WASHINGTON – Early finger-pointing erupted Monday among companies involved in the oil rig explosion in the Gulf of Mexico and unstopped leak of millions of gallons of oil, on the eve of the first congressional hearings into the accident.

A top American executive for BP, Lamar McKay, said a critical safety device known as a blowout preventer failed catastrophically. Separately, the owner of the rig off Louisiana’s coast said BP managed it and was responsible for all work conducted at the site. A third company defended work that it performed on the deep-water oil well as “accepted industry practice” before last month’s explosion.

“We are looking at why the blowout preventer did not work because that was to be the fail-safe in case of an accident,” McKay, chairman and president of BP America, said in testimony prepared for a Senate hearing today. A copy of his testimony was obtained by The Associated Press. “Transocean’s blowout preventer failed to operate.”

The chief executive for Swiss-based Transocean, which owned the oil rig and the blowout preventer, shifted blame to BP.

“All offshore oil and gas production projects begin and end with the operator, in this case BP,” CEO Steven Newman said in his Senate testimony, also obtained by the AP. Newman said BP was responsible for submitting a detailed plan specifying where and how a well is to be drilled, cased, cemented and completed.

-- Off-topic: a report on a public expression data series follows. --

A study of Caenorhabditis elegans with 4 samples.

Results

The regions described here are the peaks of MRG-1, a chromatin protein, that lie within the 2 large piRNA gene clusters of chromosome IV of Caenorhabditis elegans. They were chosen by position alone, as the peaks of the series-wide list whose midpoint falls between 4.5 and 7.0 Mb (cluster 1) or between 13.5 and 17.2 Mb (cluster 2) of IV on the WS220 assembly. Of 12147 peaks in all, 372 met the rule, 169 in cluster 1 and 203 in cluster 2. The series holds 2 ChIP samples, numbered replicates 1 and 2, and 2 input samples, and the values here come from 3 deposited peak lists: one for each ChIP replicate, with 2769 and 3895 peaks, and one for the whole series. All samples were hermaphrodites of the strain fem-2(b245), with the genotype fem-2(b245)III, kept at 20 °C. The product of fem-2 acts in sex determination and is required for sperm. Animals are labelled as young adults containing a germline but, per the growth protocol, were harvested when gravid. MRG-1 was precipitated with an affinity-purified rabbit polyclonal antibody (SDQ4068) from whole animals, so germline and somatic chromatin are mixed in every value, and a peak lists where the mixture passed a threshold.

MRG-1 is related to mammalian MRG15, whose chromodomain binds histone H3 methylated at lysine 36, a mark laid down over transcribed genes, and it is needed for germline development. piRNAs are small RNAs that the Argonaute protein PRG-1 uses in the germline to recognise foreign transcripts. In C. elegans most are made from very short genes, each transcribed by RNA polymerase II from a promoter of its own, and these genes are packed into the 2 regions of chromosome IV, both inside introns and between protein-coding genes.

Newman also said BP’s contractor, Halliburton Inc., was responsible for encasing the well in cement, putting a temporary plug in the top of the well and ensuring the cement’s integrity. That cementing process was dictated by BP’s well plan, Newman said.

A Halliburton executive, Tim Probert, said the company safely finished a cementing operation 20 hours before the rig went up in flames. Probert said Halliburton completed work on the well according to accepted industry practice and at the direction of federal regulators.

The blame game took hold on Capitol Hill as Congress and federal investigators were to begin a series of hearings in Washington and on the Gulf Coast. Two Senate hearings were set for today, and a House hearing was scheduled for Wednesday. In Louisiana, near the disaster site, a six-member panel that includes investigators from the Interior Department and Coast Guard was to begin two days of hearings.

McKay, the BP executive, said the company has at least 40 people internally investigating the accident, but he acknowledged that the cause is still a mystery. Transocean has its own investigative team, Newman said.

“We are looking at our own actions and those of our contractors,” McKay wrote in his Senate testimony.